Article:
These are questions asked at the Accellera Luncheon at DAC 2019. In support of standard development in the Accellera IP Security Assurance Working Group, Accellera assembled four of the top minds in IP security today to assuage some of the worries regarding security, and to discuss what the future of security-aware design and verification might hold.
Assembled that day were Andrew Dauman, a Tortuga Logic VP of engineering; Lei Poo, the technical director of secure platforms at Analog Devices; and Brent Sherman, a security researcher at Intel.
In this post, you’ll hear what the panel had to say about the questions from the moderator, Cadence’s own Adam Sherer. Next time, I’ll review what the audience’s concerns were, and how the panel addressed those.
The session began with the question: What is the state of IP design and security verification today? The panel agreed that secure architectures are quite advanced now, but the verification used in conjunction with those architectures is lagging. Security verification is very expensive, and not a whole lot of engineers have a good handle on what exactly comprises it. That’s partially due to its nebulous definition—what exactly is security verification? The truth is that security verification covers a huge variety of potential vulnerabilities, exploits, and techniques—but the only ones that truly matter are the ones we haven’t found yet, because the people that want to exploit hardware have a tendency to be one step ahead—if we know about a security hole, odds are that they have already found it and moved on to the next thing.
It’s also really expensive. Good threat analysis is required in order to make sure a company doesn’t spend too much money securing something that doesn’t matter. It’s unlikely anyone will hack your internet-enabled microwave from a macro-economic perspective, but automotive and defense applications require a higher level of security and scrutiny. Of course, that microwave does need some level of security to protect you from a neighbor with a grudge.
The strategies used for automating security verification are improving, but progress is slow. And the processes that exist aren’t that flexible, leaving manual security review as something engineers—frustratingly—still have to do.
If this is so vital, though, why is security verification still lacking?
Research is coming out of academia, and the tools are starting to catch up, but security verification still represents a big hole in most designer’s expertise. There’s a need for both positive and negative testing, but verification engineers rarely ever do both. Make no mistake—this is an unsolved problem. Until we somehow manage to figure out how to defend against unknown threats, security verification will never be “solved.” Andrew Dauman offered an economic view: the reason security is lacking is because it’s not cost efficient at this time to ensure that systems are as secure as they can possibly be. Until something changes in terms of economic incentives, security will always be lacking, even if the research gets up to speed.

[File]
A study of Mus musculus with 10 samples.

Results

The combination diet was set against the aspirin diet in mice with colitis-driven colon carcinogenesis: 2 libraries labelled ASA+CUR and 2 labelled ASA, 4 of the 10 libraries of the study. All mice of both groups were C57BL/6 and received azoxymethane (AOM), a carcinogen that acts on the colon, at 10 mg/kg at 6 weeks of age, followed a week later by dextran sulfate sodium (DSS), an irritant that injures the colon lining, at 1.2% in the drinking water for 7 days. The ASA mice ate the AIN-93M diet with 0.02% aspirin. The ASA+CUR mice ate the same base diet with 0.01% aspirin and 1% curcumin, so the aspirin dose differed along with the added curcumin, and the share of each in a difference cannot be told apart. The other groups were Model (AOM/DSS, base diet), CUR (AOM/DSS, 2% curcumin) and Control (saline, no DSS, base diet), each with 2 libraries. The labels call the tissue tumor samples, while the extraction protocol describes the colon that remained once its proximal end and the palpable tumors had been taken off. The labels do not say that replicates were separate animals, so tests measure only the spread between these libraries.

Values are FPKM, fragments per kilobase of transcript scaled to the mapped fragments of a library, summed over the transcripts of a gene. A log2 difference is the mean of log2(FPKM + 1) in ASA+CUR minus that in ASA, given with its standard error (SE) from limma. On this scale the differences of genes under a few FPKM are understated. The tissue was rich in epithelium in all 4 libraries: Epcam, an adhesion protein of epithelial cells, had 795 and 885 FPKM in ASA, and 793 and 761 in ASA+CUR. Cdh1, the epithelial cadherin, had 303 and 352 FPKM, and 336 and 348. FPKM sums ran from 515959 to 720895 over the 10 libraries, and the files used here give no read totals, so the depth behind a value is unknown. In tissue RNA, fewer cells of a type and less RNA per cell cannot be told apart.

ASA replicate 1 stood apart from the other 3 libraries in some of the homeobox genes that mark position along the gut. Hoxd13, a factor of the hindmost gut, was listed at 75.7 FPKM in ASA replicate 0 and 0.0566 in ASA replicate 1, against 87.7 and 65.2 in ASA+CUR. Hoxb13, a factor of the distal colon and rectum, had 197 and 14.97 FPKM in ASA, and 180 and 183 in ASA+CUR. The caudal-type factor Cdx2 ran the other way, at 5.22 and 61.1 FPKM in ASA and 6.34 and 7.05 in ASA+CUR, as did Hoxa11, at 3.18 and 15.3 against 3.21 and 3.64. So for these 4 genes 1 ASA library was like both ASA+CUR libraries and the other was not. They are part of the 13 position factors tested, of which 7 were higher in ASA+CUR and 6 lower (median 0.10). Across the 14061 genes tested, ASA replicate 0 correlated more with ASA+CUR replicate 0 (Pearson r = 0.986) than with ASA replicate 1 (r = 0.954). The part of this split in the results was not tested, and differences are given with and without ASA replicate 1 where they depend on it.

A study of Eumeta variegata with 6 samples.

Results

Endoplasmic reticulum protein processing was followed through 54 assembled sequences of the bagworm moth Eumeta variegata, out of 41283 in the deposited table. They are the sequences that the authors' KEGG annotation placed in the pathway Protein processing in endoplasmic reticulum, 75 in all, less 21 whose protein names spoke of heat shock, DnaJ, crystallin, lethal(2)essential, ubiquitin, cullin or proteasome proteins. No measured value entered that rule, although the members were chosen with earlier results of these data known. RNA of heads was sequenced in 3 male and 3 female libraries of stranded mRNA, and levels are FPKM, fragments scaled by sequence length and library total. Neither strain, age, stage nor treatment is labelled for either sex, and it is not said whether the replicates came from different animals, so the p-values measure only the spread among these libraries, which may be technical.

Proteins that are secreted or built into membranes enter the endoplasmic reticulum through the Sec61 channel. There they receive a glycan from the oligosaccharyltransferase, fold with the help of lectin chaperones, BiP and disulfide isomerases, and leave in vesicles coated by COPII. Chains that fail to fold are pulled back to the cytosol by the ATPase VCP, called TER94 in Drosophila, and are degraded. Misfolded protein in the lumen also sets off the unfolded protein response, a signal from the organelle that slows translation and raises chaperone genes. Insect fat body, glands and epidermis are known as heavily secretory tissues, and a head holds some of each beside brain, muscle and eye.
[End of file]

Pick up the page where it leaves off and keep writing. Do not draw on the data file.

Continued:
Even if the research is there, and even if security verification matures with an acceptable, “mostly-secure” standard, how do we ensure that verification engineers implement it? Changes in the automotive development flow to incorporate standards like ISO 26262 provide some insights into how security might affect development, but these things need to trickle down to the engineers to get done. How does one make a verification engineer care about security? Throughout the panel, the phrase “culture of security” was stressed—an environment needs to develop where security becomes as much of a consideration as basic functionality. It has to be at the forefront of a verification engineer’s mind.
How do we make people care?
Lei Poo suggested that this movement to form a culture of security must be deliberate and disruptive. Change is hard for engineers stuck in their ways. If there’s a way to make it fun, we’ve got to do that—security verification needs to be rewarding beyond just the satisfaction of contributing to the ever-elusive “big picture.” Hardware security needs this especially badly—there is a body of work to address software exploits and partially prevent them with tool assistance, but that kind of functionality isn’t pervasive yet for hardware tools. That lack of functionality represents a big barrier to entry for verification engineers—why they should devote so much of their valuable time to something that could be fixed in software? The answer to that question needs to include better awareness of hardware exploits and better security-oriented functionality from hardware development tools to alleviate this apathy.
Beyond that, there’s security holes masked by misuse. It’s a common saying that the point of failure for a lot of programs is the person with a keyboard trying to tell it what to do, and this is especially true for IP developers, who cannot necessarily foresee all the ways their IP might be used. This begs the question: how do we quantify security? When an IP vendor says their IP is secure in such-and-such cases and it’s suitable for this-and-that applications, what does that really mean? Does the same sentence from two different IP vendors mean the same thing? Good metrics for security don’t really exist yet. There’s a world of difference between “secure” and “not secure”, but no good vocabulary for that gray area in the middle that most IP occupies.
To conclude the moderator questions, the panelists stressed that security needs to be a part of the optimization paradigm of development at every stage. Engineers need to think of it as often as they think of power or performance. It has to be ubiquitous.
This is just some of the opening discussion that went on at the Accellera Luncheon. Next time, we’ll talk about the questions the audience asked, and how the panelists responded to those.